The Woe of Worry

“Don’t worry about anything; instead, pray about everything” (Philippians 4:6).

As a worrier, I find this instruction written by Saint Paul to the Christians in Philippi to be one of my most difficult spiritual challenges. Aware that worry is disobedient to God’s Word, instead of worrying, I just get concerned 😉  Of course, the problem with this explanation is that “concern” means something very akin to “worry.”

WorryThe Greek word for “worry” used by St. Paul in this scripture verse is best translated “to be divided or distracted.” The idea is that we find our thoughts pulled away from what they should be focused. Rather than spending time in prayer, spiritual reading, or positive conversation, we are easily distracted by such things as watching the news for countless hours or fretting and debating politics.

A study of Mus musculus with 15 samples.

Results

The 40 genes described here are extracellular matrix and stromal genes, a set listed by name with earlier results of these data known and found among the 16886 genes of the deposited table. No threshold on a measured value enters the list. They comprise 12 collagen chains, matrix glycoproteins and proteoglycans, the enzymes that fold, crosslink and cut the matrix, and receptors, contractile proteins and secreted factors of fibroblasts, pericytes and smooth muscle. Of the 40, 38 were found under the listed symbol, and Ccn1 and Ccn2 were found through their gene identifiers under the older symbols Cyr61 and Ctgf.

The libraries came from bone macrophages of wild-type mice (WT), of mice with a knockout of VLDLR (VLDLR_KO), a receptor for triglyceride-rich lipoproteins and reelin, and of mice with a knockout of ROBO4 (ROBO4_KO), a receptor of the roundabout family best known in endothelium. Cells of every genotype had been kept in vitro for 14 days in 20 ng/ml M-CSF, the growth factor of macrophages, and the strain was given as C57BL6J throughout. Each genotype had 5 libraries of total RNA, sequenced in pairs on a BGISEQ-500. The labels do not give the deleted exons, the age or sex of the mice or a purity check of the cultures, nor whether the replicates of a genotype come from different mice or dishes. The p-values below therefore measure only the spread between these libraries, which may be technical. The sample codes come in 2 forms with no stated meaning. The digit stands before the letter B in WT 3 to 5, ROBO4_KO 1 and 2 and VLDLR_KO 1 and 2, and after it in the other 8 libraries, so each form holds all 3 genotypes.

I’m not suggesting that staying informed is wrong… unless it gets out of balance and becomes an obsession. In fact, we should be aware of current events (for which to pray), but we must be careful to not allow the negativity around us to weigh down our spirits to worry and despondency.

What should be our focus? The answer is in the latter half of the verse cited above.

St Julian of Norwich“Don’t worry about anything; instead, pray about everything. Tell God what you need, and thank him for all he has done. Then you will experience God’s peace, which exceeds anything we can understand. His peace will guard your hearts and minds as you live in Christ Jesus” (Philippians 4:6-7).

Instead of worrying, we are instructed to turn our concerns over to God in prayer and thankfulness. If we do this, the promised result is wonderful peace. When stressed and worried, I find calm in repeating to myself the comforting words of Saint Julian of Norwich: “All shall be well, and all shall be well, and every manner of thing shall be well.”